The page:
When you are thinking about packing up and moving abroad for your international exchange, there are a lot of things to consider. First, you’ll need to decide which country and city appeal most to you. Next, which university offers courses in your intended field of studies.
Once you’ve made these decisions, there’s still so much to consider. If you’ve officially decided on Rome, you’ll need to know the requirements for relocating and studying in Italy. Different countries will have different processes, so it’s always best to ensure that you follow all of the proper procedures.
Rome is a popular city for students, which means that finding student housing in Rome can be difficult, and rooms and apartments will go fast. But it’s well-worth it. Rome is often called “the Eternal City” or the “Great Beauty.” It’s welcoming to international visitors, and it is home to some of the most fascinating historical places on the planet.
This guide will help to prepare you for what to expect in this ever-popular locale, whether it be learning about how to get around or where to go for drinks on the weekend. Benvenuti a Roma!
There’s quite a fantastical story about the founding of Rome, which is thought to have been on April 21 in 753 BC. It all began with the two brothers Romulus and Remus, who were raised by a wolf. But the draw to Rome just begins there. Once the very center of the Roman Empire, if not the world, this city has often been the focal destination for anything related to politics, culture and history. When people say “all roads lead to Rome,” it was not anywhere close to an exaggeration.
Yet for all of its notoriety, history is what really made Rome unforgettable. Plus, its beauty brings visitors back year after year to see its breathtaking wonders, like the Roman Forum, just one of 25,000 locations of archaeological interest in the city. Plus, Rome hosts a foreign state, the Vatican City, or the seat of papal authority, which also houses St. Peter's Basilica and the art of the Vatican Museums.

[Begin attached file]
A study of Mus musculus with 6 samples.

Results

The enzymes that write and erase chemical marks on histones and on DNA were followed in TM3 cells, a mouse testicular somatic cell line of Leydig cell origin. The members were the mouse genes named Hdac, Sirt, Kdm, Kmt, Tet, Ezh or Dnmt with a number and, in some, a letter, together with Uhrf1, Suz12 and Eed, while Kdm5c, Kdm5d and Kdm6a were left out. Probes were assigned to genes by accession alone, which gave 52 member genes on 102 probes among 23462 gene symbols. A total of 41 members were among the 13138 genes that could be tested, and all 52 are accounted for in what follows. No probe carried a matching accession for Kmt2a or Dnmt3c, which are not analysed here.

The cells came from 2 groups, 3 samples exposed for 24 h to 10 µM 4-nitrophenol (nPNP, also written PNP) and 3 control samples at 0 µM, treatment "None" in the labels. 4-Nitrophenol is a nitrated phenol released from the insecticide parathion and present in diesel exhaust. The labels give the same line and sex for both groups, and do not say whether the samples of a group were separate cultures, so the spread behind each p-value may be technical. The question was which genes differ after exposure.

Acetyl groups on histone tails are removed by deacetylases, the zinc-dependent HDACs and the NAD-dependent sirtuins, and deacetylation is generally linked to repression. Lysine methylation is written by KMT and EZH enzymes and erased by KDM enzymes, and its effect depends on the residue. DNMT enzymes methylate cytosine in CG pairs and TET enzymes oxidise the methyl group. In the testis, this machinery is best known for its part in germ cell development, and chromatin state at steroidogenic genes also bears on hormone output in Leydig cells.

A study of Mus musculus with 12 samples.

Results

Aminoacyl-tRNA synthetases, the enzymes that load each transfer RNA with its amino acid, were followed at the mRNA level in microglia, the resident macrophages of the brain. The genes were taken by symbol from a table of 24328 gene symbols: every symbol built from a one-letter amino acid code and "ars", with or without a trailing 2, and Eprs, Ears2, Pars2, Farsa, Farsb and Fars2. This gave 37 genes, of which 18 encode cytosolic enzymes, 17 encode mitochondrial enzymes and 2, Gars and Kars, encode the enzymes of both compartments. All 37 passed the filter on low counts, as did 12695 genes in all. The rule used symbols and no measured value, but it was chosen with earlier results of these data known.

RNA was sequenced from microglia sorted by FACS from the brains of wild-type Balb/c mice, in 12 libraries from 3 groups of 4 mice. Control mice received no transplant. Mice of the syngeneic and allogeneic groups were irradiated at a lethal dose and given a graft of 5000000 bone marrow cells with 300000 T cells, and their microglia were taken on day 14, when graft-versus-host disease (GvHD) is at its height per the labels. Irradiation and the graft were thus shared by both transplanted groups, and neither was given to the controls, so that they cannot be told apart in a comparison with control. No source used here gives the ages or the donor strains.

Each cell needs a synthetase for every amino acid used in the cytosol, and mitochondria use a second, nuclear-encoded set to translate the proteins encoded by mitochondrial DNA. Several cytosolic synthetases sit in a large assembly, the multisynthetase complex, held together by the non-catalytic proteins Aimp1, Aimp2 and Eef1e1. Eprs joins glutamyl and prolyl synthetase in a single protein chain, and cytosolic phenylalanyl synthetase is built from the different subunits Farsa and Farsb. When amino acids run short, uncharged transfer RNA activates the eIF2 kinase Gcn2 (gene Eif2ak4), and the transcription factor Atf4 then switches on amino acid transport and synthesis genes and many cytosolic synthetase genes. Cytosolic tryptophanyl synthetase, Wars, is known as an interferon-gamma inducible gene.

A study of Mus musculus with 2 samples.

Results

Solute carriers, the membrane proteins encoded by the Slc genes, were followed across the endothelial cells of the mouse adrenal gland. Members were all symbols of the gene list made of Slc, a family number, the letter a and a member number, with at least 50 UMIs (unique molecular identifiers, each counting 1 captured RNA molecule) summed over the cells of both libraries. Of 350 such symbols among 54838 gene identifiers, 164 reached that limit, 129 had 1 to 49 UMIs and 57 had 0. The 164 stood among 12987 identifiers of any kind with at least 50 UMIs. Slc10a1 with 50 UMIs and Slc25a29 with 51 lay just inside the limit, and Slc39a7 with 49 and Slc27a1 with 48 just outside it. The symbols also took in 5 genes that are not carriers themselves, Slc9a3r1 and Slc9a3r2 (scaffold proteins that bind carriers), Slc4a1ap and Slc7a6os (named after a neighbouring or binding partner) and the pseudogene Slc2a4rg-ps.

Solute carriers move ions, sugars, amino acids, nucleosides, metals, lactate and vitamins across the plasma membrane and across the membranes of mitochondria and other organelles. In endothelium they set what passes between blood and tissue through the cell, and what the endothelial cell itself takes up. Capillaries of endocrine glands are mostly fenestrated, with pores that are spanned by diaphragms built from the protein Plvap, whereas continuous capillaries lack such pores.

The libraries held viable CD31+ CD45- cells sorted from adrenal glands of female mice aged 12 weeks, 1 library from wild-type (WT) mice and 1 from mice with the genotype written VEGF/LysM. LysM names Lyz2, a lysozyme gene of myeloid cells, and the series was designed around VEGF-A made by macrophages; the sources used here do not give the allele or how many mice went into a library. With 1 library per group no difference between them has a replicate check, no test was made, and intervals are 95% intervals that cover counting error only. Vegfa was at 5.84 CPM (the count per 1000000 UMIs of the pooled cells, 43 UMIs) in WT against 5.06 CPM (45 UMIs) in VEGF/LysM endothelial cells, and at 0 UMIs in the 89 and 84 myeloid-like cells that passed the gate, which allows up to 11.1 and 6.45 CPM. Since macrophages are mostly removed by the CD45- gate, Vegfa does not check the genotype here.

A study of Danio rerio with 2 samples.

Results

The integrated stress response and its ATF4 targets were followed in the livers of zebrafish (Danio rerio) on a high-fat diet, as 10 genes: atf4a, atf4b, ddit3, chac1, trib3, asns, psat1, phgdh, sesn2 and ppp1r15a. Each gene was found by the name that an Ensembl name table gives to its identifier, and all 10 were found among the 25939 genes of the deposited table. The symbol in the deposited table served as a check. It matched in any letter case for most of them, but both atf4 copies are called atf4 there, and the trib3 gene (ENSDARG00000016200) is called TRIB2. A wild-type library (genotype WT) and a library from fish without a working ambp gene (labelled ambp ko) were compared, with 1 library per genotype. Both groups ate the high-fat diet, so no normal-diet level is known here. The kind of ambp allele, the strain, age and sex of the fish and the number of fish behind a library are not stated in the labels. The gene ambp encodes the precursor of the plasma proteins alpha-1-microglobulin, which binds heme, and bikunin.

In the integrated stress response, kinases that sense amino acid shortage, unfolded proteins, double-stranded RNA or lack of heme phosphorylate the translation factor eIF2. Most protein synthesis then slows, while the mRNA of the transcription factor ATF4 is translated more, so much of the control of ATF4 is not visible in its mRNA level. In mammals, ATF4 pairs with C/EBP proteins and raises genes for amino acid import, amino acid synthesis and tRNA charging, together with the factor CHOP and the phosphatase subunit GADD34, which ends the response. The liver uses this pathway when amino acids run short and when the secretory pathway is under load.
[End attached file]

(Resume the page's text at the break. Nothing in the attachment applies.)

Rome is basically built upon layers, which begins with the Holy Roman Empire and stretches into the Medieval times and the artistic endeavors of the Renaissance. This is why living in Rome is always an adventure.
Of course, Rome’s official language is Italian, and it’s going to also be the most widely spoken. However, tourists flock to Rome at all times of the year, so it’s very common to hear English spoken all throughout the major tourist areas.
It would be good to learn at least a few basic phrases in Italian so that when you are in more suburban areas, you’ll be able to somewhat communicate with the locals. Knowing Italian will definitely help when you find yourself outside of the tourist areas.
Rome is definitely known for having all four seasons. In the summer, it’s usually hot and dry. In the winter, it can get pretty cold. However, in the spring and the fall, the weather is temperate and mild.
As with most Mediterranean climates, summer days are sunny and warm and perfect for visiting a beach. The temperatures begin to rise in early May and don’t taper off until late September. It doesn’t begin to get cloudy until October, giving you plenty of time for warm-weather activities.
When you’re relocating to another city, it’s always a great idea to learn the local holidays, so you’ll know when banks or businesses might be closed. Plus, you’ll probably want to take part in the revelries!
La Porta Alchemic in Rome, also known as Villa Palombara at the Esquiline, is a legendary door that offers the gift of transforming any metal into gold. Informed by a former Jesuit, Massimiliano Palombara engraved the symbols on the door that you will see today.
There’s also a custom surrounding the Trevi Fountain, and how you should toss three coins into it. One guarantees you will return to Rome, the second assures romance, and the third will guarantee marriage.
Rome is also known for its numerous ghost sightings. Some say they are more prevalent in the areas of Piazza Navona and Olimpia Pamphili. Most notably, many see the apparitions of an infamous noblewoman, Costanze de Cupis, who lost her hand after a devastating spell.